How to stay independent, prevent falls

It’s Fall Prevention Week! And before you panic, no, Public Health is not trying to take away your pumpkin spice. We’re talking about the other kind of fall.

Among older adults, falls are the leading cause of injury and deaths, unintentional injuries and hospital admissions for trauma. Our fall prevention team works one-on-one with seniors to make sure their homes are safe.

We sat down with MaryBeth Sabine to learn more about her work with the program and how she helps seniors stay independent.

MaryBeth, tell us about why fall prevention is so important for seniors.
Accidents can happen at any time in your life, but as people age, they can lose some physical strength, and their bones can be more susceptible to fracture. An injury could put them at risk for other complications, such as infection. Because falls are more likely to happen to seniors, and because when they happen they can be more harmful to seniors, we focus our program on older adults.

I understand the fall prevention program provides one-on-one consultations in people’s homes. How does that work?

Our team educates older adults on how to be safe and independent in their home and to reduce re-occurring falls.  In addition to making recommendations on how to reduce their fall risks and referring the client to other community agencies, we can provide various fall safety items for the home.  A lot of our clients come from referrals from our community partners, such as firefighters and EMTs, hospital emergency departments, physical and occupational therapists, home health providers, and doctors.

The client must be over 50 years old, live in King County (but unfortunately, not Seattle), and have had a fall in the past six months or be at high risk of falling as assessed by a healthcare professional.

People who self-enroll or are referred to our program will work with me or one of my colleagues to schedule a visit over the phone. During our appointment, I’ll walk through the home and the client’s routine to determine any and all trip hazards. This is anything from cords on the ground, to unsafe bathroom spaces. After doing that, I also have a conversation with my clients to learn who they are and why they may have fallen or be at risk for falling. I learn about their social life, their mental health and cognitive abilities, and I do a quick physical assessment to see how fast they can get up on their feet.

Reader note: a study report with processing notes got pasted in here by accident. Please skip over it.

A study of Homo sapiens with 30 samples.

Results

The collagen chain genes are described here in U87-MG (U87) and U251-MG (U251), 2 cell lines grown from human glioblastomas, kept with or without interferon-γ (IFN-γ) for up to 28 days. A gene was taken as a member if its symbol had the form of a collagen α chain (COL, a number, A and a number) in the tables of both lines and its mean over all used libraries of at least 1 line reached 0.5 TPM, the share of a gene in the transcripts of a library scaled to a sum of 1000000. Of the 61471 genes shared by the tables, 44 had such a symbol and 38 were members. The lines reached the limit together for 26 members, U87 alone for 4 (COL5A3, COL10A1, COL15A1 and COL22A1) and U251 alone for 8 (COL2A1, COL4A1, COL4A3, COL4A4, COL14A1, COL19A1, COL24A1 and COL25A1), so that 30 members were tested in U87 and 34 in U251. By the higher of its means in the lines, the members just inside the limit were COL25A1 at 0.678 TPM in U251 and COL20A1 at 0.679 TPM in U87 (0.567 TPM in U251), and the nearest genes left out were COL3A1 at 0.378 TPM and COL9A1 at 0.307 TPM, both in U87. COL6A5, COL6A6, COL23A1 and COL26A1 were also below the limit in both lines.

This is the listening and observing part of the process, and it takes at least an hour. This time is critical because it provides the information I need to make strong and helpful recommendations.

What are some typical recommendations?
It really depends on the situation. I might propose a rearrangement of furniture, and I might suggest using a walker or a cane. I might refer a client to physical therapy to improve balance, and I might refer clients to PEARLS, a program that helps seniors experiencing depression. I try to look at the issue holistically and provide a combination of tools and resources.

What if a client can’t afford these recommendations?
First of all, our program is 100% free, and there is no income qualification. We do our best to make recommendations that are affordable, usually via other King County resources. I’ve even worked with landlords to cover the costs of bathroom remodels!

How do you sign up?
Most people are referred to us after they fall or if their healthcare provider thinks they may be at risk for falling, but anyone can call 206-263-8544 or email: alan.abe@kingcounty.gov to enroll.

What would you tell seniors considering your services?
Don’t wait! Falls don’t have to be inevitable. Most people don’t think they need help, and they don’t want someone telling them what to do. Our team is honest and enthusiastic, and our primary goal is to keep people independent – not hold them back.